April 24th, 2008 · 1 Comment


While I was there I was lucky enough to meet Carl Erickson, one of the owners of Atomic Object, and check out their office in Grand Rapids. It’s hard to think of what I saw there as an office – it had more in common with a grad school lab than an IT department. I thought it was awesome. One of the first employees to greet me was Carl’s dog, a friendly blue-eyed boy with a rather frightening resemblance to a wolf. Not only was he very well-behaved and quite used to strangers visiting their lab, he’s a perfect example of what you’re not going to run into in your typical corporate IT office building.

There are no cubical walls at Atomic Object, nor are there any offices for “The Boss”. In fact, the office was just a big, enthusiastically messy and non-sterile open space, with desks scattered around the room almost randomly. A hodge-podge of computers covered the flat spaces, most of them macs, nearly all of them with multiple monitors. One of the developers was even pounding away at a Macbook Air, the first I’ve seen in the wild.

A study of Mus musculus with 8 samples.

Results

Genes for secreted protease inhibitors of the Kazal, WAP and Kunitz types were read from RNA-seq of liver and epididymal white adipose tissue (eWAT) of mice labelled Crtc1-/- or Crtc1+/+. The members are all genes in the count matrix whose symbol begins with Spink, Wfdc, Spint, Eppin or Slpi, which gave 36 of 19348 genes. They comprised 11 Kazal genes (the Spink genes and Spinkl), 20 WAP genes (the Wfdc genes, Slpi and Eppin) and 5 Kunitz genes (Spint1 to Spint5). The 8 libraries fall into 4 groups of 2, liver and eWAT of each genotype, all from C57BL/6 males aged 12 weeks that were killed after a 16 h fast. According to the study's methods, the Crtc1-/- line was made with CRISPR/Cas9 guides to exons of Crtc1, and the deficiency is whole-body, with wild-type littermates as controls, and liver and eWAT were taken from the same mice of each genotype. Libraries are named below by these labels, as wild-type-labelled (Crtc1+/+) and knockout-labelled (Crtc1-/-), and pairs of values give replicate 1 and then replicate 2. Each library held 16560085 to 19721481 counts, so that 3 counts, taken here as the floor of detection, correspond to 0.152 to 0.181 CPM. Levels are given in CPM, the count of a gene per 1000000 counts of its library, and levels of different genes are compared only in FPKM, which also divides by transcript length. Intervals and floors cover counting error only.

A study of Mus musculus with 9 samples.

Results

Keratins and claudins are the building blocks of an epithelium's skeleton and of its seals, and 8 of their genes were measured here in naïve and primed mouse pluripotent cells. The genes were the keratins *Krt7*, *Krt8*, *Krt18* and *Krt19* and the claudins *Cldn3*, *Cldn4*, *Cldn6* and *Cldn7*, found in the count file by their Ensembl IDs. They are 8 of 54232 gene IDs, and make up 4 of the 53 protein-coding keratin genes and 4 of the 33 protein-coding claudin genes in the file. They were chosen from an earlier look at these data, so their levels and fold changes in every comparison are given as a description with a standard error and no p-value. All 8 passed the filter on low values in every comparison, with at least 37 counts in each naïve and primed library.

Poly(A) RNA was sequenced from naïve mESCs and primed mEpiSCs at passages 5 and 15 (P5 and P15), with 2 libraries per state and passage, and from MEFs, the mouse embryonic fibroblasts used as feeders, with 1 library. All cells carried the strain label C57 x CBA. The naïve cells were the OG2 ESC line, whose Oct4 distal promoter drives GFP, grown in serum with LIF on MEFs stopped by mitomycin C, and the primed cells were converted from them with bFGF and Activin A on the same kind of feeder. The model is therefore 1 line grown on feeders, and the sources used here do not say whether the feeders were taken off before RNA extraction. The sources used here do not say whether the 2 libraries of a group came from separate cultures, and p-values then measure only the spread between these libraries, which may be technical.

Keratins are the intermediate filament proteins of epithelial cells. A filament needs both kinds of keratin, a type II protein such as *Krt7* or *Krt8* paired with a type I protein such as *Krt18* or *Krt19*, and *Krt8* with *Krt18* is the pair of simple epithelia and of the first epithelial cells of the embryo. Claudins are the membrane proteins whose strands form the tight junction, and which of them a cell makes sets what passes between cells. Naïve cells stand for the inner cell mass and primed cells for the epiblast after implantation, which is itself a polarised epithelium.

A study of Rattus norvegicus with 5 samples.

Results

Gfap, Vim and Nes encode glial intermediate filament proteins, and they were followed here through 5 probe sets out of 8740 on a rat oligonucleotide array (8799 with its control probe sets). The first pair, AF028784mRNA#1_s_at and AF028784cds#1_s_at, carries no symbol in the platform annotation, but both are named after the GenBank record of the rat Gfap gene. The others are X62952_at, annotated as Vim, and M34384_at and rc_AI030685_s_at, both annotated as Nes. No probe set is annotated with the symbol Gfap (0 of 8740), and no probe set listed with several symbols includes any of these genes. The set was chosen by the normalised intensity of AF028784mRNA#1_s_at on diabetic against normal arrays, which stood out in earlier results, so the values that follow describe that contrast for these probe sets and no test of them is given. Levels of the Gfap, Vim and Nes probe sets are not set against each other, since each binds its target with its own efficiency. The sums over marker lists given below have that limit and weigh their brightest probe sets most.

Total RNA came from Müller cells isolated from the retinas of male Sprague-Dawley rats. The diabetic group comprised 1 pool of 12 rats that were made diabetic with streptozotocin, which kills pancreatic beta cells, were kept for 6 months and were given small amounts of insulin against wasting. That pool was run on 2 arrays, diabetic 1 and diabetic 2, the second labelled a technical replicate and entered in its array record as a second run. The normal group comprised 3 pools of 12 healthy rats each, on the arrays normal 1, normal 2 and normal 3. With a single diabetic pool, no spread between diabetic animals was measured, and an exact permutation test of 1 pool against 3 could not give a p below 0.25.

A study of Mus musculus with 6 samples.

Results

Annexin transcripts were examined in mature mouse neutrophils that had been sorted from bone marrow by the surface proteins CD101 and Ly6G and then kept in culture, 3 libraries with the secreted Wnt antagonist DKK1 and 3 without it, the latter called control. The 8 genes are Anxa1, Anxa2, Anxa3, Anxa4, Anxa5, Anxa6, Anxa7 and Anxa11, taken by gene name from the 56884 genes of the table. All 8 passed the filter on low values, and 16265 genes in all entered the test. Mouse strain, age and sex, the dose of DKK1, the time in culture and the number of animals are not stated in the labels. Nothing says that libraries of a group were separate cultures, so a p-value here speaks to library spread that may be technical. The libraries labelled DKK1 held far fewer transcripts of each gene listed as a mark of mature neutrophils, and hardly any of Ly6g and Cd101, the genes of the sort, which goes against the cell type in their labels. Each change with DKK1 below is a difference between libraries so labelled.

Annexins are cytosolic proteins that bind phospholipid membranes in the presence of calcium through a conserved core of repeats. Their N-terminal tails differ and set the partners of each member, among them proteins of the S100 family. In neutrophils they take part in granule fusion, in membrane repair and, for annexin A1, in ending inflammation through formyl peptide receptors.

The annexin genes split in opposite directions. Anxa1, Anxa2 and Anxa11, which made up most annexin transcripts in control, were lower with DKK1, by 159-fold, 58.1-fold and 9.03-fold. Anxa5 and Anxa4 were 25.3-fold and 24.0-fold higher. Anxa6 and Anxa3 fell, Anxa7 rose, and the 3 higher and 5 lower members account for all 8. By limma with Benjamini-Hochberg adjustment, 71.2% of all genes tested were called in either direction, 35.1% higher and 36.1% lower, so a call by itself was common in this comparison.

The focal point of the office is the little kitchen, which was well-stocked with all the unhealthy snacks a code-warrior needs to be productive. Note the movie-theater style popcorn maker on top of the dishwasher. Carl told me the kitchen area is where many of their design sessions occur – it’s the creative mecca of their organization.

Hung on a pole in the center of the room is a huge stop light, the kind I dreamed about stealing as a teenager. Hooked up to their continuous integration environment by X10, the stop light lets them know when the build is broken (the CI environment, incidentally, is driven by an older iMac that sits on a bookshelf that looks like it was made from leftover parts of a crate).

I guess some people would find this kind of randomly distributed, inherently disorganized seeming workspace as a turn-off, but it felt full of creative energy to me. It screamed fun, creativity, and constant learning the minute I walked in. It seemed to be the antithesis of all things corporate IT – it was pragmatic, minimalistic, and devoid of pretense. It wasn’t hard to figure out that Atomic Object is a company whose primary concern is writing valuable software that works.